He’s previously worked with prisoners and people dealing with drug and alcohol abuse. Most recently facilitating men’s and women’s programmes for Te Utuhina Manaakitanga Residential Rehabilitation and Probation. A far cry from the mischievous teenager who was heading down the wrong path.
Hunia says he needed someone to tell him to pull his head in and figured the army would provide the discipline he was after.
“The army teaches you how to be a good person – the training and weapon handling’s secondary. They teach you how to be a good you, learn your background, find out where you’re from and how you grew up. You’re with a big whanau who care for you.’’
After 25 years in the army and security, spending months in different countries every year, Hunia left to focus on his family. However, his military background enabled him to take on challenging roles where he could break down barriers.
One of his favourite jobs was at Waikeria Prison, facilitating men’s programmes based on ‘te whare tapa whā’ – the four sides of Māori health. He says it was about ensuring prisoners got food not only for their tinana (body), but also for their hinengaro (mind).
“That’s where the emotional and the wairua side come in, and then we focus on the whānau.
“When I started at Te Waiariki Purea Trust, I sat down with a guy who had no idea what hinengaro and wairua were. I drew a line on a whiteboard and said, ‘where do you see your partner?’. He pointed to the top of the board and said, ‘she’s up here’. I said, ‘where do you see yourself?’, and he pointed beneath it. I asked, ‘what’s wrong with that picture?’. He goes, ‘oh, I’m down below’. When I asked him where he wanted to be, he said on the same level.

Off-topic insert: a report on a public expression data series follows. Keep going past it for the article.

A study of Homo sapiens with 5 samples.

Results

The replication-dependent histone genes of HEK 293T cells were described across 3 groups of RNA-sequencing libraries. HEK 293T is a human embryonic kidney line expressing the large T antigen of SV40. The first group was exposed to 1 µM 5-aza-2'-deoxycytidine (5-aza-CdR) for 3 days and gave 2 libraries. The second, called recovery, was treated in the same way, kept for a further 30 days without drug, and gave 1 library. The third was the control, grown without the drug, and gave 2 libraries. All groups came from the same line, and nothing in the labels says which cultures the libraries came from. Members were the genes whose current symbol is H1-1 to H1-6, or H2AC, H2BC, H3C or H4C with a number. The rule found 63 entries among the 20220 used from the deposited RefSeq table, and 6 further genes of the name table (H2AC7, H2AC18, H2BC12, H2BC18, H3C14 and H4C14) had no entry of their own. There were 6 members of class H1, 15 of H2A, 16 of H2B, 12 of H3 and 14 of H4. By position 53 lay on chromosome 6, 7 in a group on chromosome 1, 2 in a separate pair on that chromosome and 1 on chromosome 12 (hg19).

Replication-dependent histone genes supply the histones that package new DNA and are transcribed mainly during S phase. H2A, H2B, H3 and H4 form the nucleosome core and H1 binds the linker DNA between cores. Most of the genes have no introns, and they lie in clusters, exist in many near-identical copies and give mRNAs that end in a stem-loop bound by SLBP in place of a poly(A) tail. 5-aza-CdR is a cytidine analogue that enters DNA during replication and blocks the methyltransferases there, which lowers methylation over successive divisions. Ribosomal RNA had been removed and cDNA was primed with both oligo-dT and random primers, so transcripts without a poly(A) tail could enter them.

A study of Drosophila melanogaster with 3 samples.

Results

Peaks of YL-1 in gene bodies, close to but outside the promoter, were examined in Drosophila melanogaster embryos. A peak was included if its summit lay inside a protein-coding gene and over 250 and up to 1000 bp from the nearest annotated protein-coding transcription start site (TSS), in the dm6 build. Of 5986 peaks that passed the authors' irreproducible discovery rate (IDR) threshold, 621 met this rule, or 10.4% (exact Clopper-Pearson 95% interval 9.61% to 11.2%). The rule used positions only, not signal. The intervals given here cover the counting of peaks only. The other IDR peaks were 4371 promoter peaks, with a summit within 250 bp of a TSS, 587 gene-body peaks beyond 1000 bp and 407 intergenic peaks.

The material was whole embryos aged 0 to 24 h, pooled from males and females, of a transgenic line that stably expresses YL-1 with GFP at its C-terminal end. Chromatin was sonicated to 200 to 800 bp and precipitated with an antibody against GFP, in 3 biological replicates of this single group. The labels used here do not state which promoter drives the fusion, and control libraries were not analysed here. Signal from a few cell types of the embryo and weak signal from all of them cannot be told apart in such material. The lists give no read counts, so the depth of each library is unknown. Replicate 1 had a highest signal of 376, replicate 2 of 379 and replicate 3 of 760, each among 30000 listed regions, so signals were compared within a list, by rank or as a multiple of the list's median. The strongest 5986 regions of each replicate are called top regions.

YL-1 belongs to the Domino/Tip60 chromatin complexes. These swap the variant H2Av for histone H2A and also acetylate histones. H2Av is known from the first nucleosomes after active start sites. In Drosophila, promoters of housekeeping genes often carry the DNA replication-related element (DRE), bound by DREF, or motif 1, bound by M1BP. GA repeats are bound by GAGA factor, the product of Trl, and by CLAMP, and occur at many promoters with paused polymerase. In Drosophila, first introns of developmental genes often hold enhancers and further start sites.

“You ask them what love is and they don’t know. Simple things like that. They become emotional because they’ve never talked about it. But their eyes light up when you tell them about the good things out there.
“I take whānau members up into the ngahere and ocean to reground themselves. On our way we gather pikopiko, watercress, and kaimoana. Papatūānuku provides for us.”
Hunia likes to incorporate the stories of our tupuna in his work. He says there is a whakapapa to everything we do in life.
“With a lot of our atua stories, they talk about Mataora – being a change agent. So, like a lot of those stories, I talk to our people about where they’re going. Some of them ask for a word to describe when they’re feeling down. I say, ‘do you know what whakamā is?’. They say, ‘yes, a bit depressed.’ And then we talk about whakamā around how Hine-tītama found out the man she thought was her husband, was actually her father. That’s when she fled to the underworld and changed her name to Hine-nui-te-pō.
“There are so many stories, I make sure when I tell them I get it right. People say, ‘oh, she’s the goddess of death.’ But she’s the keeper of our wairua – making sure we’re alright on the other side.
“We have our own beautiful stories here – Hinemoa and Tutanekai, and others. They’re all around so the rongoa’s there. It’s in our whakapapa.”